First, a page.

May 27th 1989 was a memorable day for British football. Not only did mass hooliganism following the Rous Cup game between Scotland and England at Hampden Park signal the end to an annual fixture that had begun in 1872, it also marked the international debut of a living legend – Steve Bull.
It wasn’t so much the goal itself, albeit a cracker, it was more the emotional rush that I knew I shared with many thousands of fellow Wolves fans. It was the culmination of a dream and just reward for singing ourselves hoarse for the previous two seasons with the refrain, “Bully for England.”
I’d rehearsed the jumping off the sofa and the mad screaming already during the game when, for the first and only time, I celebrated the injury of an England player. When John Fashanu went down I couldn’t contain myself. I knew that if he went off then the stage was set for Stephen George Bull.
Of course there was a point to prove as, with the exception of the Gold and Black Army, pundits everywhere had scoffed at Bobby Robson’s decision to pick a player who had just completed a season in the old Third Division. This despite the fact that his goal tally was 50 in that spell, adding to the 52 he had scored in the previous campaign in the old Fourth tier. However, as we all know, Bobby knew a thing or two about football.
As do the Molineux faithful. I don’t care who your football idol is, I’m confident that no player has ever been worshipped as much as The Tatter. The only comfort that could be gained from sitting in a ground with two condemned stands on a cold, wet Tuesday night was the sight of Bully reeling off his aeroplane impression after completing another hat-trick (18 in all, since you ask.)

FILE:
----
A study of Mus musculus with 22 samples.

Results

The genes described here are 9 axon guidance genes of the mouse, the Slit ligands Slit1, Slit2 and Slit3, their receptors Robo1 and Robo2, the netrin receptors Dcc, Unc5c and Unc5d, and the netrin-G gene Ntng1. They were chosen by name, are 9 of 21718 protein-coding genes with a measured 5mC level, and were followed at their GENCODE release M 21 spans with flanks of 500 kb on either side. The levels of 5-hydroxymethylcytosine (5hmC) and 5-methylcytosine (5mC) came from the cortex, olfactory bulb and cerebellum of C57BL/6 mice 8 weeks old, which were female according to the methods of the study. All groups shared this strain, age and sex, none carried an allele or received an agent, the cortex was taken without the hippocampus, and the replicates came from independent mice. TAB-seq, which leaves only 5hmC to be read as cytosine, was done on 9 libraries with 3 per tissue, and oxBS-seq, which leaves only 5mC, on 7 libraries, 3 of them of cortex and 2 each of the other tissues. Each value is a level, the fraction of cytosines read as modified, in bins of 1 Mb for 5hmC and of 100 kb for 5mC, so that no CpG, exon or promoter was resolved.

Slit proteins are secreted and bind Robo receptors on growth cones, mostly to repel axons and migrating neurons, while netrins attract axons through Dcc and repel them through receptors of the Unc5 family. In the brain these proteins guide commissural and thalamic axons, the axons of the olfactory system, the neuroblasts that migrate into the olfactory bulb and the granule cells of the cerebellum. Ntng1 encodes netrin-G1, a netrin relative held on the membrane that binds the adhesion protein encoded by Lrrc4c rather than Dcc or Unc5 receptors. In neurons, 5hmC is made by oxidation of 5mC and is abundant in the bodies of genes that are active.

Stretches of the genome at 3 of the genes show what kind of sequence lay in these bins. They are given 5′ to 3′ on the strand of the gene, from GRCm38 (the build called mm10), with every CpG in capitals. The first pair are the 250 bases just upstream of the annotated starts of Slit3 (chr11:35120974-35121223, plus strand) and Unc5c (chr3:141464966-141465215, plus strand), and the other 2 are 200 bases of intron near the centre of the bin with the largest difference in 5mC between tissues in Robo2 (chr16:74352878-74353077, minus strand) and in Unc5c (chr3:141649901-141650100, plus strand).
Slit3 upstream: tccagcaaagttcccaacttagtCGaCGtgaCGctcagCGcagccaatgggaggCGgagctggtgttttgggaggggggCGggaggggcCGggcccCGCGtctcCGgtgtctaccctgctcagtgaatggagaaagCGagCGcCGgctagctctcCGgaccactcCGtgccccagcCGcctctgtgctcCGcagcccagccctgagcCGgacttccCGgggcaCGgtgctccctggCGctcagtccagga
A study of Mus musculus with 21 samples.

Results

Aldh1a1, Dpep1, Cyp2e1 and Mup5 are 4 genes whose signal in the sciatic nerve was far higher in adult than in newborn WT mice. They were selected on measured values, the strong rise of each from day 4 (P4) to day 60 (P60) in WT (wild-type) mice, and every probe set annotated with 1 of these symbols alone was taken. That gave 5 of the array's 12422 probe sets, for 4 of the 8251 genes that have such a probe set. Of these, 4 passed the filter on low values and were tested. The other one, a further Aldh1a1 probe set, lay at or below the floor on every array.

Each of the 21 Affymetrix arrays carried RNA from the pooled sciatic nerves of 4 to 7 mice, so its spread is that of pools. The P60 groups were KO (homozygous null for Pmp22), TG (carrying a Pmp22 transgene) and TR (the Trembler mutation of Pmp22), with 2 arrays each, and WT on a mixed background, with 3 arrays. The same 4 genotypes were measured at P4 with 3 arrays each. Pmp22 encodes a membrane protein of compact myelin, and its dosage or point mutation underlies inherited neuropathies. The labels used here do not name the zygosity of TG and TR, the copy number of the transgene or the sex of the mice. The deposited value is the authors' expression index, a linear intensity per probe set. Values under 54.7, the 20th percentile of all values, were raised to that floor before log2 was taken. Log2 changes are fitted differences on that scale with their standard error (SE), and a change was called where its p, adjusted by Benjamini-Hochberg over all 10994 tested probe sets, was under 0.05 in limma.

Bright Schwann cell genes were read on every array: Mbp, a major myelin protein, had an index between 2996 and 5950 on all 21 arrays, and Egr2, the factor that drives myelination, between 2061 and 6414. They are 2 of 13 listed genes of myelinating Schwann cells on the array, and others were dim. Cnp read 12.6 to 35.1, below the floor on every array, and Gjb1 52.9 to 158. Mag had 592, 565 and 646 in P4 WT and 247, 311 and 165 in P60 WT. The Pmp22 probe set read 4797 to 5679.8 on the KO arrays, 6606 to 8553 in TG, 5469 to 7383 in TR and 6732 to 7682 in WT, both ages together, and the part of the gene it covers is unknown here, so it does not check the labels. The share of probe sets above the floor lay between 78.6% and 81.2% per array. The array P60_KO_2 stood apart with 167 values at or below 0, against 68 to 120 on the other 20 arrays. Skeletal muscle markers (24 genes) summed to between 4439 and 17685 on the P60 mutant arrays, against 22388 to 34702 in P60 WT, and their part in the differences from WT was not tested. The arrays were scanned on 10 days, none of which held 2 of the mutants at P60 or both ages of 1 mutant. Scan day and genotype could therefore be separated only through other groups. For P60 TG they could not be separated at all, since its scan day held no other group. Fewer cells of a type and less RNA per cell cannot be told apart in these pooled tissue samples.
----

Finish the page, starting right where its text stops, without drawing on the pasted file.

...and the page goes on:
During my time watching Wolves we've had some pretty good front men - Knowles, Dougan and Richards were all class acts but not one of them comes close to the goal-scoring prowess of The Tipton Terrier.
Back to the goal then. I can’t remember who punted the ball up from just inside the Scotland half but I swear I knew what was coming next, and so did Steve. He cushioned it, deliberately (believe me, I’d seen him score plenty,) off the back of his head, turned and pounced.Cue screaming fans and silenced critics.
He scored three more for England, all good goals and his performances earned him a trip to Italia 90.He only came on as sub a few times and, after the disappointment of that tournament, Bobby went and Graham Taylor came in – say no more. He may not have got another full international cap but he kept rattling them in for the Wolves, invariably accompanied by the full-throated roar of “Bully for England.”